The automatic stay is one of the most significant protections for consumers who file for bankruptcy.

Filing a bankruptcy petition automatically stops or stays most collection actions.

Creditors cannot collect on a debt during the bankruptcy case, including proceeding with foreclosure measures.

Thus, filing Chapter 13 bankruptcy stops foreclosure so long as the public sale has not yet occurred.

If you’ve missed a mortgage payment or received a foreclosure notice, you have a limited time to file for Chapter 13 bankruptcy and keep your home.

Today, our bankruptcy attorney will discuss how filing chapter 13 bankruptcy to avoid foreclosure works.

Once you know the process, the next step is to call the attorney’s at Blake Goodman, PC, Attorney.

During your free consultation, a bankruptcy attorney will listen to your situation and advise you on the best options for debt relief.

Contact us today to get started. 

What Happens in a Chapter 13 Bankruptcy?

Chapter 13 bankruptcy requires you to make a plan to repay some or all of your debts. The plan must be approved by a bankruptcy judge and usually lasts three to five years.

When you make all the payments, you can receive a discharge (forgiveness) of certain debts, including credit card and medical debt.

However, if you want to keep your home, your primary mortgage debt will not be forgiven.

If you have a second or third (junior) mortgage, you could have these debts “crammed down” or forgiven.

Bankruptcy Under Chapter 13 and Foreclosure

The benefit of filing Chapter 13 bankruptcy with a foreclosure on the horizon is that you can repay the missed payments over the life of the plan.

Bankruptcy attorneys refer to the amount you are behind in mortgage payments as the “arrearage.”

To keep your home, your plan must include two payments toward the mortgage: one to bring the arrearage up to date and one for the regular mortgage payment.

If you have equity in your home (meaning its value exceeds the amount you owe), you will also have to pledge that amount toward payments under the plan.

Why Do I Need to Continue Making Mortgage Payments in Chapter 13 Bankruptcy to Keep Out of Foreclosure?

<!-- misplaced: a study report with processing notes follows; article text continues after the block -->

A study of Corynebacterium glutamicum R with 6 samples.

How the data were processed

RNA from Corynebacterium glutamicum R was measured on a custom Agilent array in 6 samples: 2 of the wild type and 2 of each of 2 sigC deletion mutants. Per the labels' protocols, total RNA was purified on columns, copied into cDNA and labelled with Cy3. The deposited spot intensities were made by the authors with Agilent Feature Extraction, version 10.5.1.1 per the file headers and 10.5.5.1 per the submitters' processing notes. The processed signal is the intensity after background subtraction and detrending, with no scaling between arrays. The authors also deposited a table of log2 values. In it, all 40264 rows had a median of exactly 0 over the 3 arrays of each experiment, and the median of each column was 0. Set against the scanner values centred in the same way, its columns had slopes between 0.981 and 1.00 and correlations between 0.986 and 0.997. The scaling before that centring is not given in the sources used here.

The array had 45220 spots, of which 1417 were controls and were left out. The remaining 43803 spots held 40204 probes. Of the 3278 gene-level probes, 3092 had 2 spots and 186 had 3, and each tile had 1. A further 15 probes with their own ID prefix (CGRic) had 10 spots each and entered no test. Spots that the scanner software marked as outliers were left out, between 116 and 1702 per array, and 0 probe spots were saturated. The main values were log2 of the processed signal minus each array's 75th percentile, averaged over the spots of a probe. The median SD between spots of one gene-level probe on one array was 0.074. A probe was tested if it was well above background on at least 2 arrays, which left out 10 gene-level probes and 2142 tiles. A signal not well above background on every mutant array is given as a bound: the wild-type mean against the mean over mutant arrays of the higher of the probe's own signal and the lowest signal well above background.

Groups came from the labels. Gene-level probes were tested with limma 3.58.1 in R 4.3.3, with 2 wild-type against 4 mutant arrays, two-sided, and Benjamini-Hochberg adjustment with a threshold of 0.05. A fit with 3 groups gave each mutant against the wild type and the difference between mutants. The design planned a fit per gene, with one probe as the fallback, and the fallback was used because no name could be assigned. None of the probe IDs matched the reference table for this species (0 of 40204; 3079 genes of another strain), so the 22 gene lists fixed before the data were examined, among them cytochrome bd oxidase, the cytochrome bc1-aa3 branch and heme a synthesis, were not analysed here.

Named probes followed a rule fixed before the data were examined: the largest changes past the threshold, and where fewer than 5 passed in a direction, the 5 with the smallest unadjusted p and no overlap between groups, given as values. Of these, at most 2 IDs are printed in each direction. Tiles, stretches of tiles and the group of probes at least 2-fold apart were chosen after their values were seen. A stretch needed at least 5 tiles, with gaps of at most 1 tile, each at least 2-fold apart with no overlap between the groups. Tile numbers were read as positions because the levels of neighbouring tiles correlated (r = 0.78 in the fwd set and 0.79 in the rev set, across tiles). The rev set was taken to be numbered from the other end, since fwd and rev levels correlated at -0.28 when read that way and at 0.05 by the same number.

For the court to approve your Chapter 13 plan, you must include payments to compensate secured creditors in full.

Secured creditors are those whose loans are “secured” by collateral, such as a car payment or mortgage.

If you fall behind on your payments, secured creditors have the right to repossess the collateral according to your mortgage agreement.

To avoid repossession, you must continue to make your regular mortgage payments as they come due, even if payments extend past the life of the plan. 

Blake Goodman, PC, Attorney: Helping Hawaiians Navigate Foreclosure and Bankruptcy

Does chapter 13 bankruptcy stop foreclosure?

The bankruptcy attorneys at Blake Goodman, PC, Attorney, can help answer this question based on your specific circumstances.

While everyone’s situation is unique, anyone facing financial troubles can feel stressed and embarrassed. Filing for bankruptcy can offer the relief that you need.

Our bankruptcy attorney has supported over 8,000 Hawaiians through bankruptcy.

Contact us today, and our efficient professionals will help you move forward with your debt relief journey.

Author Photo

Blake Goodman received his law degree from George Washington University in Washington, D.C. in 1989 and has been exclusively practicing bankruptcy-related law in Texas, New Mexico, and Hawaii ever since. In the past, Attorney Goodman also worked as a Certified Public Accountant, receiving his license from the State of Maryland in 1988.